John Nuveen & Co. reported startingly good earnings in the first half of 1991, with net income increasing more than 53% over the same period last year.

Nuveen brought in $21 million, compared with $13.7 million in the first half of 1990. Income was reported by Nuveen according to generally accepted accounting principles.

Officials at the privately held Chicago-based investment house attributed the earnings growth to the strong new-issue volume in the municipal marketplace and two new divisions that are churning out sales -- the remarketing desk for municipal preferred stock and Nuveen's housing finance department.

Nuveen specializes in selling retail-targeted municipal securities, so this year's impressive issuance volume directly benefits the company. The preferred stock sales, similarly, piggyback on the performance of closed-end municipal funds, one of the most profitable securities in Nuveen's repertoire.

The preferred stock desk typically issues short-term shares in closed-end funds to institutional investors. In essence, Nuveen borrows in the short-term market and buys more long-term bonds for its fund portfolio. Preferred stock sales follow the funds' initial public offerings and are based on the size of the closed-end portfolio.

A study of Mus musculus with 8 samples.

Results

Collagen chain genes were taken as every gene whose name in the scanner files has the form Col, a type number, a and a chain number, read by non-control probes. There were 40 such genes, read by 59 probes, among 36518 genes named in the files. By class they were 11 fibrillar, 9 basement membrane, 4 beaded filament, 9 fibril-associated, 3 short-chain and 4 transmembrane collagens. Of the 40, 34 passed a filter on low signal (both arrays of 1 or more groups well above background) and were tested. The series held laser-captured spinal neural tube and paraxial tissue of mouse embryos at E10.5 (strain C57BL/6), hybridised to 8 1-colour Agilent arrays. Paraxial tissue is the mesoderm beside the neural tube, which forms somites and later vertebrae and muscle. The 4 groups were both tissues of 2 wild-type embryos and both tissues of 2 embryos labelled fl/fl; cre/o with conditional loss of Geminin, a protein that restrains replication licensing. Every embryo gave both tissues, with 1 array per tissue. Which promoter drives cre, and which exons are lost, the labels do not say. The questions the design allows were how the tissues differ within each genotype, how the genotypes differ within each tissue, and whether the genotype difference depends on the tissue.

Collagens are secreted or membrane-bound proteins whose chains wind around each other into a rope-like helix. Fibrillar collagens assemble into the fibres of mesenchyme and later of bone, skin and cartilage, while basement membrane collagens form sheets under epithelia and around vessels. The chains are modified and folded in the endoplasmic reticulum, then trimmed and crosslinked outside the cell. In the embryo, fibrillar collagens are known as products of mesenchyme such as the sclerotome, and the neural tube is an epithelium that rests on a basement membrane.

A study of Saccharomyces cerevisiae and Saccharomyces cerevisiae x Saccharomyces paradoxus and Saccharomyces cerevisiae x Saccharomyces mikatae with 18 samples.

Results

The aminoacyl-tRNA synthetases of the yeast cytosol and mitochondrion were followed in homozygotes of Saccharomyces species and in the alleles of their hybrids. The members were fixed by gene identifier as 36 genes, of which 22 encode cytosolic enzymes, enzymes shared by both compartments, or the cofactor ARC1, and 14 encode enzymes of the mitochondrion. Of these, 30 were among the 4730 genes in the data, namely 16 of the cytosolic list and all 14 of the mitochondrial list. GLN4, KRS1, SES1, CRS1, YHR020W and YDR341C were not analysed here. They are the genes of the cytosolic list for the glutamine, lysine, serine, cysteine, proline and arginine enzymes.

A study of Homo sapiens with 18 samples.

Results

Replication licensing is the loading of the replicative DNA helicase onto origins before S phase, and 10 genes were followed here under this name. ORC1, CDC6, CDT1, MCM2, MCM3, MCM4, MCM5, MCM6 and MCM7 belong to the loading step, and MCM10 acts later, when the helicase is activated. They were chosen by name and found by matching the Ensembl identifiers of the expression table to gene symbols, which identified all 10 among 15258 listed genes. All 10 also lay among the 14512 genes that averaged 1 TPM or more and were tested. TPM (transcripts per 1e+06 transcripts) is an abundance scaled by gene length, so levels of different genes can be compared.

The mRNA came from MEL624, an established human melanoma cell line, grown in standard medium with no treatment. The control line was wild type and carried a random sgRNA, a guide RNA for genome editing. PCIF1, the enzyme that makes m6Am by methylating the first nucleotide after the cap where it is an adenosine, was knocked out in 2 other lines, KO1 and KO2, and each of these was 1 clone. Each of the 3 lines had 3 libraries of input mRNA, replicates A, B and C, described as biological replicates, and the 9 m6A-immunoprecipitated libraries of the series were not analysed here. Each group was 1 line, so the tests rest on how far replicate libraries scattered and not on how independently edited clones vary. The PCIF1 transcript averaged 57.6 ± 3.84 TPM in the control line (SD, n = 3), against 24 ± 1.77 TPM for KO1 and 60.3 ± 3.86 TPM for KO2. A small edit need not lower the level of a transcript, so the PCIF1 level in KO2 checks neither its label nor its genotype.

Although closed-end investors' claims on the funds' assets are subordinated to the preferred buyers, the risks are extremely small and the practice boosts closed-end fund yields. Yesterday, Nuveen announced that it planned to sell $700 million of preferred stock for three different tax-exempt funds.

Nuveen's housing finance department's contribution to first-half earnings has come primarily through underwriting new issues, according to a company spokesman. The department is "relatively new," the spokesman said, with most of the four-member staff being assembled in the last two years.

That Nuveen managed to reap profits in housing-bond underwriting runs counter to the new-issue trend. Through August of 1991, housing volume was off almost 20%, to $7.99 billion from $9.96 billion, according to Securities Data Co./Bond Buyer.